It’s transition time at Prairie Grass Café — or that window of change when late summer gives way to early fall and the season’s first bounty of pumpkins begins appearing in the Northbrook eatery’s bustling kitchen.
In the coming weeks, Prairie Grass Café’s co-executive chefs, Sarah Stegner and George Bumbaris, will incorporate a variety of autumnal, locally grown produce into their ever-changing menu, including an appetizer of grilled pumpkin wedges drizzled with honey butter and topped with goat cheese and micro-greens, as well as sweet pumpkin pie for dessert.
“I really enjoy seasonal cooking,” says Stegner, a two-time winner of the James Beard Award for excellence in cuisine. “It’s better for our bodies to eat what’s in season. Rotation is good for our health.”
After collaborating for years in the kitchen at Chicago’s Ritz-Carlton Hotel, Stegner and Bumbaris branched out on their own in 2008 with Prairie Grass Café. The pair spent the past 10 years perfecting Prairie Grass Café’s fresh, Midwestern-inspired, farm-to-table menu, sourcing as much produce as possible from local growers. Among the growers is Three Sisters Garden in Kankakee.
“If I’m going to serve pumpkin, I want it to taste like a pumpkin,” Stegner, a native of Evanston, says. “Three Sisters Garden grows a specific type of heirloom pumpkin just for us. It’s meatier, and the flavor is more intense than that of a standard pumpkin.”
Prairie Grass’s perennially popular Corn and Poblano soup uses corn and peppers sourced exclusively at Three Sisters Garden, blended with a base of chicken stock and light crème. The restaurant’s Local Farmers Omelet combines eggs from Ellis Farms in Benton Harbor, Michigan, and organic mushrooms from the Wisconsin Dells-based Hidden Valley Farm. Stegner’s blueberry pie — adapted from a recipe perfected by her mother, Elizabeth — is a sweet vessel for tiny, succulent berries grown on Mick Klug Farms in St. Joseph, Michigan.
“When I compose a dish, it’s all about terroir,” says Stegner, referring to environmental factors like soil, topography and climate that infuse a particular crop of fruit or vegetable with character. “I don’t create fusion dishes. I want to make sure the identity of an ingredient isn’t lost.”
Prairie Grass Café employs a similar philosophy with its wine selections, overseen by Stegner’s husband, Rohit Nambiar, a veteran of Chicago’s Four Seasons Hotel. Nambiar, who serves as the restaurant’s general manager and sommelier, regularly travels to Europe to source wines that complement Prairie Grass Café’s seasonal offerings.
“We feature a small wine list geared towards what matches my food,” Stegner says.
As a founding board member of Green City Market — Chicago’s premier farmers market — Stegner’s commitment to supporting local farmers runs deep.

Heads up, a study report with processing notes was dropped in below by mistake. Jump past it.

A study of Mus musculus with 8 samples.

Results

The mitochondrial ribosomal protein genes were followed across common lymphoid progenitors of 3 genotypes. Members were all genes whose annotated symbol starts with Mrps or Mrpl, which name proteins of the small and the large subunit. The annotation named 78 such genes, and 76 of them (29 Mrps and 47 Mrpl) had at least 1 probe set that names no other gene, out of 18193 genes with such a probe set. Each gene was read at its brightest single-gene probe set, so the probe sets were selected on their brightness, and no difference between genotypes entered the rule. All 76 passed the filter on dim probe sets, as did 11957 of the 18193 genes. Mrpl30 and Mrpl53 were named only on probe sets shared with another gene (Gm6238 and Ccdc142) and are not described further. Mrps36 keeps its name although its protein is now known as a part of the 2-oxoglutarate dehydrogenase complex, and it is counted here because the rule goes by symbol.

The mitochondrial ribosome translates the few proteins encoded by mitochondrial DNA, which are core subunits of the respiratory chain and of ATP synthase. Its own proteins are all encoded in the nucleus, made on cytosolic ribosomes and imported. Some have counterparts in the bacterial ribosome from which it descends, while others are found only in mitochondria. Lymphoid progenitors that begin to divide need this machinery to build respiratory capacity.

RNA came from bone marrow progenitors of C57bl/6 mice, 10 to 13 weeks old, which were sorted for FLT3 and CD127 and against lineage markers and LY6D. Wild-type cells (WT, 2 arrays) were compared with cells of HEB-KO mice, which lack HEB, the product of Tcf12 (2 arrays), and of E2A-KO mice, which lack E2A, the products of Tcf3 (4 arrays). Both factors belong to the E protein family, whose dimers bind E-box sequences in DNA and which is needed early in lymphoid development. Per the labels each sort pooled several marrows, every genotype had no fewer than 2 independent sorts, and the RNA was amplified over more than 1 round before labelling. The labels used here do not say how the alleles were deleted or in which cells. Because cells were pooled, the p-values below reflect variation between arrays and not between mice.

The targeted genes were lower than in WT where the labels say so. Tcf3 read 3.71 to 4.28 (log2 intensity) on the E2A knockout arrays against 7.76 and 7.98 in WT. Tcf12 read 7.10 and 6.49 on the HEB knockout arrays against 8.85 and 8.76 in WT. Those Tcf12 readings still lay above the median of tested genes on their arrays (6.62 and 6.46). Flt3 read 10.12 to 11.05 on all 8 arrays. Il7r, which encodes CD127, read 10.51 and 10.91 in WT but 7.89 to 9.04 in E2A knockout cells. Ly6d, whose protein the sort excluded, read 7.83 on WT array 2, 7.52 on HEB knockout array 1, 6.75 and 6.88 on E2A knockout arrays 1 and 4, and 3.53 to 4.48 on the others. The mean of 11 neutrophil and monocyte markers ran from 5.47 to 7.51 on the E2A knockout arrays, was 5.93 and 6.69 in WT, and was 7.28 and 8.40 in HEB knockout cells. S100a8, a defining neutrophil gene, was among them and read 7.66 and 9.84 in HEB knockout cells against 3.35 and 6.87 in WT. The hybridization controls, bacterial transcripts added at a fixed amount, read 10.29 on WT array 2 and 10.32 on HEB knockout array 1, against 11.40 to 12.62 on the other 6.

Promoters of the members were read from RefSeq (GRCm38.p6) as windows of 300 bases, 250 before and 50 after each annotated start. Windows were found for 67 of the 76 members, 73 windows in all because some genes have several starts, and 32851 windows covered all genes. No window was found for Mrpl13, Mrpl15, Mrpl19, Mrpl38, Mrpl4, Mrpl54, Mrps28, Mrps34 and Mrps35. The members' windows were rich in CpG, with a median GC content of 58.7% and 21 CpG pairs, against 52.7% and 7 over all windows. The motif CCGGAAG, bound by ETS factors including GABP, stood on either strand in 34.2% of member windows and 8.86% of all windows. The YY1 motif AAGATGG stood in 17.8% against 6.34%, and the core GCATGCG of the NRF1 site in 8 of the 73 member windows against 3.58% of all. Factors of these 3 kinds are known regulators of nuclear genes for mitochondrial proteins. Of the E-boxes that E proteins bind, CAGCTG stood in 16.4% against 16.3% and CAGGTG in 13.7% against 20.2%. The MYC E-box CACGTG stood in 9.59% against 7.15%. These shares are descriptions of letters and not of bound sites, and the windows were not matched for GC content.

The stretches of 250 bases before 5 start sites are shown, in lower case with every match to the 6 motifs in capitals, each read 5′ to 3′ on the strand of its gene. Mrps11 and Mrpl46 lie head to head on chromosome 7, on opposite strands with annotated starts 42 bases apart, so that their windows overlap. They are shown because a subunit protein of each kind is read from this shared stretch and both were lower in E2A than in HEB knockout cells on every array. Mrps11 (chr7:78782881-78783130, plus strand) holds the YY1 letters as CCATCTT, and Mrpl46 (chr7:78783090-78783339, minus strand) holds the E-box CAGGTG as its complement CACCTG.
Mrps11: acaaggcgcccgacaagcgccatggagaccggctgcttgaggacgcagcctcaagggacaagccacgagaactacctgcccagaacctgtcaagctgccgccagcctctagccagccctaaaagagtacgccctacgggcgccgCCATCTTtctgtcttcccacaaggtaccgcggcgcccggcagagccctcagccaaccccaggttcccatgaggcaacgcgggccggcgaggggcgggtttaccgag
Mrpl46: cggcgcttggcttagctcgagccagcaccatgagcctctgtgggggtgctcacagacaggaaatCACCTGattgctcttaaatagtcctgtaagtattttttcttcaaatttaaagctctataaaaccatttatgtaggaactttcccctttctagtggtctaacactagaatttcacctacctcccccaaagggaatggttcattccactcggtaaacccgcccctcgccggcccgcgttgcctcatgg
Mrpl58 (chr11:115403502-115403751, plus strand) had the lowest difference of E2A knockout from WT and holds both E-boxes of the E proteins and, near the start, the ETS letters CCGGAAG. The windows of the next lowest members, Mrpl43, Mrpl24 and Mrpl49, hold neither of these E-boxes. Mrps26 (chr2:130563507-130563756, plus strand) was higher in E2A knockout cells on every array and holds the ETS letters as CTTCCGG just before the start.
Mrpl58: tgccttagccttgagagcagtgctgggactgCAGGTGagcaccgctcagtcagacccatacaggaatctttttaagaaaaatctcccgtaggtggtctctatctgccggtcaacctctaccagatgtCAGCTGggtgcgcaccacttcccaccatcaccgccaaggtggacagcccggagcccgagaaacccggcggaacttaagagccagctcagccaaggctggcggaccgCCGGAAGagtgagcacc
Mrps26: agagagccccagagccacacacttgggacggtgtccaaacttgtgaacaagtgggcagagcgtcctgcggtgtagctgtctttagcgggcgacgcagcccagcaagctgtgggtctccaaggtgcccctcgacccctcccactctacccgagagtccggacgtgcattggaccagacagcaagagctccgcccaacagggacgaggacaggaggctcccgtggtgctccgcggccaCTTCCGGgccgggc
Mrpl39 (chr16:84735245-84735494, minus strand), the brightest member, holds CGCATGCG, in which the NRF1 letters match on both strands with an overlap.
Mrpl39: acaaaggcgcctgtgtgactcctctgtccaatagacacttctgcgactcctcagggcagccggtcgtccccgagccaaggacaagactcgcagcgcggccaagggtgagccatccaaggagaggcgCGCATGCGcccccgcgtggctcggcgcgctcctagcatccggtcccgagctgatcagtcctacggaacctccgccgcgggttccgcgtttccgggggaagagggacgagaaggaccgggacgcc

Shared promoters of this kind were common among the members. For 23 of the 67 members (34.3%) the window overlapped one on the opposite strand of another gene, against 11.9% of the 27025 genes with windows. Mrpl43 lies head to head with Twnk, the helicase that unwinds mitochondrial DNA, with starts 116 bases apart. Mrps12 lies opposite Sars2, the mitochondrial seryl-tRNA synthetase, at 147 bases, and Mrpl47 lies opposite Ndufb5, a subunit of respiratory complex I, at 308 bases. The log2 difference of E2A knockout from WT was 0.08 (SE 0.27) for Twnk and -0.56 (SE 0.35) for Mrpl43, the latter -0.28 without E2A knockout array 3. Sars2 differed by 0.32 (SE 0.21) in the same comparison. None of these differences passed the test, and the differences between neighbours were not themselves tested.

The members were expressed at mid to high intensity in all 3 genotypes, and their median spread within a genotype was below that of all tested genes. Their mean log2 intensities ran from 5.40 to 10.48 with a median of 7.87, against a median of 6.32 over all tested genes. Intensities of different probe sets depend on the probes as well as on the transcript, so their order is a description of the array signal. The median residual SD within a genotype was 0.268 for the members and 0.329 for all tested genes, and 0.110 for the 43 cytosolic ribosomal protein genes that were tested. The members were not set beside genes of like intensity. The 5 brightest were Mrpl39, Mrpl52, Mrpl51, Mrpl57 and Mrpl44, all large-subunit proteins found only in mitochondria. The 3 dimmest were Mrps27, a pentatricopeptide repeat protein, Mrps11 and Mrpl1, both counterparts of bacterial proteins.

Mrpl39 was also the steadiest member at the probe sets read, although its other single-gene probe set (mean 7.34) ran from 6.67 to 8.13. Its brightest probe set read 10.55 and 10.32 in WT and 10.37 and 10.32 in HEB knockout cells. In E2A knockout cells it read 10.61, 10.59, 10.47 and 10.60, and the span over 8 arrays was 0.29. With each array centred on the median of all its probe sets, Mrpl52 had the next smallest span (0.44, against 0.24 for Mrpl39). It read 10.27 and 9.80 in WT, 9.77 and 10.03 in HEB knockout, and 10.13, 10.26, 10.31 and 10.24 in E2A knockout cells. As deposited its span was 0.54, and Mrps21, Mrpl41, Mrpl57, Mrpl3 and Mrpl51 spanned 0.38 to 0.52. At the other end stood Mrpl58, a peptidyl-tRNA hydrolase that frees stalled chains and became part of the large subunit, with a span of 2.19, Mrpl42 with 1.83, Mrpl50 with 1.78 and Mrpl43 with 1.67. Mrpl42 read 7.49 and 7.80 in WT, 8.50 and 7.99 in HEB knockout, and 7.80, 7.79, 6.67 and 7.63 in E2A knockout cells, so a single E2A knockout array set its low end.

“A lot of people associate farm-to-table cooking with California, but the Midwest has an incredible range of produce, “ says Stegner, who lives in Wilmette with Nambiar and their teenaged daughter. “I’m not a purist, but what I highlight on my menu is reflective of the seasons and what’s at its best.”
Stegner and Bumbaris are equally as passionate about supporting local purveyors of meat and poultry. A North Country Ham and White Cheddar Sandwich on Prairie Grass’s weekday lunch menu is elevated with house-made black mission fig jam and savory ham sourced from Maple Creek Farm in Wisconsin. A Crispy Chicken Breast Salad features poultry from Harrison’s Poultry Farm in Glenview and tomatoes grown by Rochelle, Illinois-based supplier Mighty Vine. Prairie Grass sausages, a popular brunch menu item, are frequently made-in house.
That same, thoughtful approach extends to the restaurant’s interior, where earth tones and natural stone accent walls soften a high, industrial-style ceiling. Long, billowy curtains encircle a section of tables and chairs, creating semi-private gathering spaces that make the large, 180-seat restaurant feel warm and intimate. Two flat-screen televisions projecting moving images of cows, grazing on the open plains, artfully partition Prairie Grass’s bar and central dining room.
Located on a busy, commercial section of Skokie Boulevard, Prairie Grass Café is a popular mid-day respite for local workers and a destination restaurant for gatherings of friends and family members from all corners of the North Shore.
“We sit at a crossroads,” Stegner says of Prairie Grass’s Northbrook location. “We’re a connecting point for people coming from Glencoe, Northfield, Winnetka, Highland Park and beyond.”
Serving lunch Monday through Friday and dinner seven days a week, Prairie Grass Café regularly serves as many as 300 diners during its Saturday and Sunday brunch service.
“It’s intense,” Stegner admits. “But when you’ve spent years working in the kitchen of a big hotel, you learn to manage it.”
Prairie Grass Café, 847-205-4433, is located at 601 Skokie Boulevard, Northbrook. Please visit prairiegrasscafe.com.